Residents wanted to know why they were kept in the dark about plans to bring a chemical plant to Killeen.
More than 100 people attended a community forum Thursday night at the Killeen Community Center to ask questions about the plant’s impact on the surrounding neighborhoods.
Council members Shirley Fleming and Steve Harris organized the meeting after residents plied them with concerns they couldn’t address, because they, too, had been kept in the dark.
The reason for the secrecy, according to John Crutchfield, executive director of the Killeen Economic Development Corp., was because MGC Pure Chemicals America required confidentiality for the deal to go through. That’s to ensure that the cost stays low and other companies do not become privy to any business dealings, Crutchfield said.
Residents asked questions of a panel that included Crutchfield and Stephen Minick, a former lobbyist and employee of the Texas Commission on Environmental Quality.
The crowd was polite but seemed frustrated at times.
Despite Harris allotting three minutes for each question to be answered, Crutchfield began the night by taking far longer to answer a question. Later, Crutchfield appeared frustrated after residents took the microphone and repeatedly asked the same questions.
“I will also tell you that there’s a time value to money. And when these fellas want to go into production, they want to go into production. They want don’t want to deal with public elections,” Crutchfield said. “This is no different from the way it works in any other community in America. You may not like that, but that’s the way it works.”
Safety was the concern of many in attendance, especially those who live or work within close proximity of the Killeen Business Park.
Kathryn Bradley goes to Killeen Seventh-day Adventist Church on Rancier Avenue, near the plant’s future location. She stood up and asked for a guarantee that the senior citizens who lived in the area would be safe.
“I want to know the safety of these people,” she said. “I worship in that area. I want to be safe, not get a plant that can blow up or cause chemicals in our lungs.”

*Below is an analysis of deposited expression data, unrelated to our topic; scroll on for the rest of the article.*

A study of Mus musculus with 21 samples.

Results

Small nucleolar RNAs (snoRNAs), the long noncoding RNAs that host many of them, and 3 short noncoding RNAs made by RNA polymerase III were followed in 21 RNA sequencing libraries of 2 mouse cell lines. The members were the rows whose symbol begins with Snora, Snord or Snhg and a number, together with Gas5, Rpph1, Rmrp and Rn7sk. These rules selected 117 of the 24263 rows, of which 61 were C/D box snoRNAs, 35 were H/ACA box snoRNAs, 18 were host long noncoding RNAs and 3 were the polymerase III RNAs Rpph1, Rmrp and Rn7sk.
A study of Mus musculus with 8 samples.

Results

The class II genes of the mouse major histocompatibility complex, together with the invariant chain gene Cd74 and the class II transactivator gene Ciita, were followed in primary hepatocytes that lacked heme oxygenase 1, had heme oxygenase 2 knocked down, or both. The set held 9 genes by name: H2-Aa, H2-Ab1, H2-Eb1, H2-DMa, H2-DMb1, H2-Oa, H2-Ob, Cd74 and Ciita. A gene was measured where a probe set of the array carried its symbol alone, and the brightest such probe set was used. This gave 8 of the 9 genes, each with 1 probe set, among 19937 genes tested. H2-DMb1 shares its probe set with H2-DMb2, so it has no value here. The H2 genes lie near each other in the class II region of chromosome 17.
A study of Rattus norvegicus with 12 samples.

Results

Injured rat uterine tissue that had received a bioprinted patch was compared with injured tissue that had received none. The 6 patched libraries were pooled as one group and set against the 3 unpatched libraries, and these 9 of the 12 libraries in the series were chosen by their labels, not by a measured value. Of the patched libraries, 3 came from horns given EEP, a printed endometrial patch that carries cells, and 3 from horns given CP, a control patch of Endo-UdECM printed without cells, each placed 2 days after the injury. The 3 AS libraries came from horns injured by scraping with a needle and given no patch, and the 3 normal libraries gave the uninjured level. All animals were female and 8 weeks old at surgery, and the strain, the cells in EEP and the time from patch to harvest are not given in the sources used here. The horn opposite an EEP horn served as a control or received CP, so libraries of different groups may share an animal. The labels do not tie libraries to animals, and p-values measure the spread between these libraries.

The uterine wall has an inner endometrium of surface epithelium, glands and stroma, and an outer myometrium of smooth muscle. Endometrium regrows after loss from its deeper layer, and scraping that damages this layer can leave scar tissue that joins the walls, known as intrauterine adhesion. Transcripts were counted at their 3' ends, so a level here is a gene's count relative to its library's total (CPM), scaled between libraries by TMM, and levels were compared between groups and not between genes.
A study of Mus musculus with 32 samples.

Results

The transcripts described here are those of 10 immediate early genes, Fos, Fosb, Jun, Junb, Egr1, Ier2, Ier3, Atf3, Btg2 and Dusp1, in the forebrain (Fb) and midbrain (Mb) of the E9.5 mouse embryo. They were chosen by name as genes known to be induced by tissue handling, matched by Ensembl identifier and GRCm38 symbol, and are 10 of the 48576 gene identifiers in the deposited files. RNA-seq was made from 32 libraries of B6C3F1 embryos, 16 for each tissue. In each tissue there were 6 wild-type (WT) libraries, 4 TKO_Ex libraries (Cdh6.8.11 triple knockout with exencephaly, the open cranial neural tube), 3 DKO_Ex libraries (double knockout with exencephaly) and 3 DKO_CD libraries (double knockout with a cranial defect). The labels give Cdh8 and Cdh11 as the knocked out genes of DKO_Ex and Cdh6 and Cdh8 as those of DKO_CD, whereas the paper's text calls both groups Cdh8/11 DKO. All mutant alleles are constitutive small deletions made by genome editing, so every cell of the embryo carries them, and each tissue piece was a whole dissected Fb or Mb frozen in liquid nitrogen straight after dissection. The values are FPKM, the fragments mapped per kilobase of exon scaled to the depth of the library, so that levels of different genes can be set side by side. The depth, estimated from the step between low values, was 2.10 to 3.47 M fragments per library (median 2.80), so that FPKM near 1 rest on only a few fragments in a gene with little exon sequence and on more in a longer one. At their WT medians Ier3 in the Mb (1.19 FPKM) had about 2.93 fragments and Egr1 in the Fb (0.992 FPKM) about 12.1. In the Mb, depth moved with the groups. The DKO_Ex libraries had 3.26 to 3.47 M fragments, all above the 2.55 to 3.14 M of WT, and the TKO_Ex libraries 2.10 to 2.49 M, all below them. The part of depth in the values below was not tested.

Minick insisted that there is no chemical runoff that will appear in the water, nor will there be any emissions from the chemicals being used.
“Personally, I wouldn’t be concerned living close to this myself,” he said.
Killeen Mayor Jose Segarra said he was there to explain the council’s role with the Killeen EDC. City Manager Ron Olson was not at the meeting.
Killeen Fire Department Chief Brian Brank described the precautions his department will take to prepare for a potential chemical spill.
The fire department will consider the plant a target hazard, meaning that it will preplan for any type of incident. KFD will take into consideration any fire suppression, fire hydrants, fire lanes and water supply needed to operate in case of an emergency.
“A whole lot of communities are vying for these types of industries,” Brank said. “Of course, there’s never a guarantee that no incident would happen.”
Though an agreement between MGC and the Killeen EDC has been signed, there is nothing that obligates MGC to build the plant in Killeen.
“They could walk out tomorrow,” Crutchfield said.
One member of the media asked Crutchfield if there was anything the residents could do to prevent the plant from being built. His answer? He didn’t know.
Both Segarra, who is a representative on the Killeen EDC, and Crutchfield reiterated that the reason they recruited MGC was because residents are constantly asking for better-paying jobs in the manufacturing industry.
Though residents in attendance complained that only 28 jobs would be created, the potential to bring more companies of the semiconductor industry could provide a great number of jobs in the future.
“I’m under the impression that you guys want a manufacturing company here, ” Segarra said to the audience. Several audience members spoke up, saying they didn’t want a potentially dangerous plant.
MGC has said the plant will create super-pure hydrogen peroxide and have hydrogen peroxide, sulfuric acid and sodium hydroxide on site.